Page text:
Indeed 80m can be magic. Let me tell you about my best magic 80m experience.
From ON to W5 on 80m in cw with 500 milli W. Antenna 20 m long endfed antenna, 3m above ground, endfed was 0,3mm/0.3mm copper wire (Kupferlackdraht). QSO was greyline dx. QSO was NOT a SOTA QSO I answered a cq from the W5 station.
I found you on 40m when you made your very last QSOs, but you were up and down in the QSB, sometimes dissappearing and barely copiable at some other moments. I waited for a good moment but I suddenlt saw your 80m spot
I went there, just in case, but I didn’t hear other thing than noise.
Lars beverage is a great help for a clean RX on that band.
My antenna was an inverted vee home made bazooka dipole with the appex about 14m up and the ends about 5 meters a.g.l.
I hope for better luck next time.
Patrick, what a big fun. Your aerial wire was very thin. But it works, I know.
My wire for Sota activation is a DX-Wire UL with a nylon core and only 5 of 0.1mm Cu . A 20m line has a resistance of 1.1 Ohm. But the Cu is wrapped around the core, thats the trick.
Yes, 20m finally played the ball for us.
I feel fully recovered for the first time today after my 3rd chemo last week and I’m thinking about a possible SOTA before the forecasted rain arrives. But it’s very windy and I’m hesitating…
Perhaps a bit later, at around Noon and the begining of the afternoon.
Looking for more S2S with you and many others.
My immediate gut reaction is there’s not enough copper! I use either 26 x 0.1 or 13 x 0.1 wire. Obviously it works but it does appear to have significantly less surface area than the wire I use and it feels counter-intuitive. I wonder what the resistance is like when driven with 10 or 14MHz not DC?
Indeed. Years of engineering has taught me that when something seems wrong it needs further investigation. Normally these investigations show some kind of user errors or assumptions were not true. Or that the theory is wrong.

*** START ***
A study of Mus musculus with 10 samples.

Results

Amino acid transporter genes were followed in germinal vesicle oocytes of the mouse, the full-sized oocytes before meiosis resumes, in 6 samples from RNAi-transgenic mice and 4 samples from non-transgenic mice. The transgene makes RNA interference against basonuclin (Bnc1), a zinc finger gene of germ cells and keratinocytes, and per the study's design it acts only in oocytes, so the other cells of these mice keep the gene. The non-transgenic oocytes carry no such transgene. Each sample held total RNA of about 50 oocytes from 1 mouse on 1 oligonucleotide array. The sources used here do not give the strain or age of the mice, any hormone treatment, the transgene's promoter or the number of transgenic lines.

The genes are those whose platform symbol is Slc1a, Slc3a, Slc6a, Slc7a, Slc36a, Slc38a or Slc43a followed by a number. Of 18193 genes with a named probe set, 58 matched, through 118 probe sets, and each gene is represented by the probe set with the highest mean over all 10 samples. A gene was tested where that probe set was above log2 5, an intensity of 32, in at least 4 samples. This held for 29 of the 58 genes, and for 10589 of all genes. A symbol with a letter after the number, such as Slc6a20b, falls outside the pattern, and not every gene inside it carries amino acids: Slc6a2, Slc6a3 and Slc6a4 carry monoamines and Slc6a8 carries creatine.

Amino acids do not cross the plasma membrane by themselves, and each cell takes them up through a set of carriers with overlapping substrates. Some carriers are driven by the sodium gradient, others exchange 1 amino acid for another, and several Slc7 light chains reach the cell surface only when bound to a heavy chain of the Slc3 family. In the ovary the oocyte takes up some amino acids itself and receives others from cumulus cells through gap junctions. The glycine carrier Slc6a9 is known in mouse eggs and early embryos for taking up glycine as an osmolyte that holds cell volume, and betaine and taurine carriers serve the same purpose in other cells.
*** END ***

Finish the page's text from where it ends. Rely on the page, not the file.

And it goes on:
I see Stephan saying it’s 6 x 0.25 not 6 x 0.1 which will make a difference.
I am a long way from being convinced that this calculation is even approximately valid when the strands are in close proximity and indeed touching each other. The current won’t flow independently in each strand. I would have thought that the perimeter of the bundle as a whole would be what mattered.
I’m using the Sotabeams lightweight wire with 7x0.2mm tinned copper.
The very simplified circumference would be:
0.2mm * 3.14 = 0.628mm * 7 cores = 4.4mm
20m wire has a resistance of 1.76 Ohm, a bit more than the DX-Wire UL, which corresponds pretty well with the increased diameter compared to the Sotabeams wire.
The strands of the DX-Wire UL are wound around fibers of Aramid (to improve tensile strength), which also helps to increase the surface on RF.
Both wires are tinned and that’s where most of the RF flows, which is about 6 times less conductive than copper, but does not oxidize that easily as copper.
To me, a further improvement to increase the circumference for RF would be to insulate each stranded fiber with some sort of coating. Probably not easy to solder nicely. I checked the expensive antenna wires products from DX-Wire, but they don’t seem to sell this kind of wire. Probably hard to find such wire that should be also light and easy to wind.